When it comes to creating team building activities that actually work, we have found the best ones to be simple, repeatable, and sustainable. They must be personally understood and professionally applicable if they are going to make a difference in the given context. This is where the real challenge comes in.
Throughout my childhood, my family would go camping most weekends. I have so many great memories (flooded tents, being attacked by bees, leaky air mattresses), but also learned valuable life lessons.
Specifically, camping taught me three lessons I still use today and have integrated into the aforementioned simple, repeatable, sustainable model.
Life Lessons Learned from Family Camping
- Everything you need can be carried. Whatever we needed for camping could be carried from our car to the campsite. Nothing was too big to lift; Yes, some things required two people, but that’s the point.
- Do not be afraid to build something you need. My dad built a wooden, portable pantry to bring to our campsites. This portable pantry carried all our non-perishables and was built with special compartments for every kind of food, and even a drop down counter top.
- What you think you need, you can probably do without. Not a single camping trip ever occurred without our family forgetting something, no matter how thorough and complete our checklists. We always found ourselves innovating and creating unique solutions to our problems.
These lessons illustrate how to introduce professional best practices while using StrengthsFinder language to prompt team conversations and application:
- A professional best practice needs to be simple, portable and applicable.
- A professional best practice will require innovation and creativity to be sustainable.
- A professional best practice may need small adaptations along the way to stick.
Here are three team building activities we use on a regular basis to help team members better understand their Strengths, and those of the group:
Three Team Lessons and Activities for Professional Best Practices
For each of the Team Activities, facilitate the discussion by practicing the following model: reflection, conversation, discussion, application:
- Reflection: give team members 2-3 minutes to reflect on each set of questions, writing a few notes.
- Conversation: team members pair up, and share their answers with each other.
- Discussion: reassemble the group, ask each pair to share their share answers with the whole team.
- Application: ask the team to decide how they will apply some of the common themes.
First Lesson: everything you need can be carried.
Professional best practices need to be carried, quickly understood, and integrated. If a professional practice is ‘too big’ it cannot be quickly learned and applied. Many teams over-prepare and over ‘pack,’ layering ideas and exercises to the point where they are misunderstood, ignored or not helpful. Remember, if you cannot ‘carry’ something, it’s likely others cannot either.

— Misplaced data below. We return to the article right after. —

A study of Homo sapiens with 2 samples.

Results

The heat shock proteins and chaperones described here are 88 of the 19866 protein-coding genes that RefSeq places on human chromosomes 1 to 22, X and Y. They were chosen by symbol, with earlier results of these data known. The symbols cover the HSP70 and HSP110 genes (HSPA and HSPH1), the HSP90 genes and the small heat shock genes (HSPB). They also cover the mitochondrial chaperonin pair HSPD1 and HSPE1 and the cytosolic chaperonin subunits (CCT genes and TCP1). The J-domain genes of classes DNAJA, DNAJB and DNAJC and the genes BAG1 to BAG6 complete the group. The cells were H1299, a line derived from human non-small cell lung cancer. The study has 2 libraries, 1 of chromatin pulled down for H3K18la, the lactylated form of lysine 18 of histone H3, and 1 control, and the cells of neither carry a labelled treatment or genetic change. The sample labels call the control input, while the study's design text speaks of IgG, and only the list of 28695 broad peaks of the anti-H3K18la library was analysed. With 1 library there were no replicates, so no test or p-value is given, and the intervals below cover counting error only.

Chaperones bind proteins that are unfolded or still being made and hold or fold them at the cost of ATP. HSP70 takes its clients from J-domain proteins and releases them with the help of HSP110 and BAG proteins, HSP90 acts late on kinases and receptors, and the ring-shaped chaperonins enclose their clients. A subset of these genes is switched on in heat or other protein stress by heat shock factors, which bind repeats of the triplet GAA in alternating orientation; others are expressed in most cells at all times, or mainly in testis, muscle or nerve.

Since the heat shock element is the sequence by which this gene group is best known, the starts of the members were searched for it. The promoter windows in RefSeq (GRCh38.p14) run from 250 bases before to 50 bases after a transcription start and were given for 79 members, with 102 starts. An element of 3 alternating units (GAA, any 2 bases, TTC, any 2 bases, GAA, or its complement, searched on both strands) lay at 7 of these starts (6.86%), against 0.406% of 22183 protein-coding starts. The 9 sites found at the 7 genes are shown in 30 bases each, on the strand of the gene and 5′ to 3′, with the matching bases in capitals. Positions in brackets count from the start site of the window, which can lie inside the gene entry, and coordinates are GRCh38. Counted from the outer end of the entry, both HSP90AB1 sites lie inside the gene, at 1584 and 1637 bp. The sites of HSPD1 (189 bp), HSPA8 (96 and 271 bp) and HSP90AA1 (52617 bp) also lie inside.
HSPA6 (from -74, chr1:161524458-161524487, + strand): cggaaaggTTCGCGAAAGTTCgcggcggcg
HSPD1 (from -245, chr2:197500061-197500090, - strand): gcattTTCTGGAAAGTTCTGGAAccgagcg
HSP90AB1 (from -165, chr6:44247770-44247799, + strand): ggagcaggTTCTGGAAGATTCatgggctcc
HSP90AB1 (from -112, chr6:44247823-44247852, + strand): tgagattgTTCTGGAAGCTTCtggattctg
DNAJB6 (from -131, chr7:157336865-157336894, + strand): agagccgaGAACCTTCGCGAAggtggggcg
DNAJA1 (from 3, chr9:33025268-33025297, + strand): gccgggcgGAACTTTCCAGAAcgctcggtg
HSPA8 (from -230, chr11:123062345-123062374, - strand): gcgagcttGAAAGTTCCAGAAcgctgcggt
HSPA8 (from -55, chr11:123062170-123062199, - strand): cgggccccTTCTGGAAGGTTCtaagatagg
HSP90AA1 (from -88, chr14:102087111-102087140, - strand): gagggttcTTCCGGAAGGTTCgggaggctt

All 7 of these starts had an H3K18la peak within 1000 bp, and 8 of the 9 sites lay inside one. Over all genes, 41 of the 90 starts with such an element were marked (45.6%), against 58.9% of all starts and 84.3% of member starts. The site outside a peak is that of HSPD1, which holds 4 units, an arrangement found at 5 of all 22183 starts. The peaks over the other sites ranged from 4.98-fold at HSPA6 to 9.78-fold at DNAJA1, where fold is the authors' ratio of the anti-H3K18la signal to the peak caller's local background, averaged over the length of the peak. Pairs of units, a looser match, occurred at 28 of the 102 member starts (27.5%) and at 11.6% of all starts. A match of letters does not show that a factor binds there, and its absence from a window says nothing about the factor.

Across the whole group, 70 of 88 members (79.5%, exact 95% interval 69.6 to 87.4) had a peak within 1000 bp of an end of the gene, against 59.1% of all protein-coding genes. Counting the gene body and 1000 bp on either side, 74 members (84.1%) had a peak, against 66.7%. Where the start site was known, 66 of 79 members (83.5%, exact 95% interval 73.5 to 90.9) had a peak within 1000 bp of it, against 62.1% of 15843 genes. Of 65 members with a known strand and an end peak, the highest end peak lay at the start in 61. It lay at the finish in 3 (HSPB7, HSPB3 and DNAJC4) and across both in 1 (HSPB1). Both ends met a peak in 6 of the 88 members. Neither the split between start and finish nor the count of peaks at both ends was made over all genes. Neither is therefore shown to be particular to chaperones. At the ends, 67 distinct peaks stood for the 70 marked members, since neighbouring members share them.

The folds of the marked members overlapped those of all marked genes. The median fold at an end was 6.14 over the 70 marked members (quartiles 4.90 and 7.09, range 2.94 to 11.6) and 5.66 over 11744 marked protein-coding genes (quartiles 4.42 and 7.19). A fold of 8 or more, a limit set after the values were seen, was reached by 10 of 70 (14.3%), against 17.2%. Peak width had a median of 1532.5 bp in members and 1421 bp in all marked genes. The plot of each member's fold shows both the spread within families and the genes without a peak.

Team Activity #1: Strengths-Based questions for right-sizing professional practices:
- Which of your StrengthsFinder Themes do you use most as a professional best practice? Provide a specific example.
- Is there a StrengthsFinder Theme that gets “too big”? For example, a Theme that may be misunderstood by others or often criticized?
- Which of your StrengthsFinder Themes can be rightly downsized so others may be able to learn from your professional best practice?
Second Lesson: do not be afraid to build something you need.
A professional best practice will involve innovation and creativity. Respond to specific needs, and create a new way to meet someone’s need. Once you create a valuable resource, you will always have it to enrich and deepen your relationships over and again.
Team Activity #2: Strengths-Based questions for innovation and creativity:
- Which of your StrengthsFinder Themes do you use for innovation and creativity? Provide an example
- Have you contributed to a team’s innovation or problem-solving? Which of your Strengths contributed to the solution?
- Which of your Strengths has helped someone else be more creative? Share the example.
Third Lesson: what you think you need you can probably do without.
Professional best practices are strengthened by challenges that test your capacity to adapt in the moment when you realize you do not have what you need. Keep an open mind and open hands. Learn through forgetting and try something new. Growing your professional best practice requires a willingness to adapt in small ways for a greater gain.
Team Activity #3: Strengths-Based questions for adapting and letting go:
- When your capacities are challenged, which StrengthsFinder Themes were being pushed to the limit? Cite an example.
- What current challenges do you face that require a small adaptation? Which of your Strengths will adapt and what do you hope is the outcome?
Professional best practices are simple, repeatable and sustainable. The challenge to establishing a set of professional best practices is making them personally understood and professionally applicable. By using the language of StrengthsFinder and the above team activities, you can have conversations which lead team members to play an active role in making professional best practices practical, personal, and meaningful.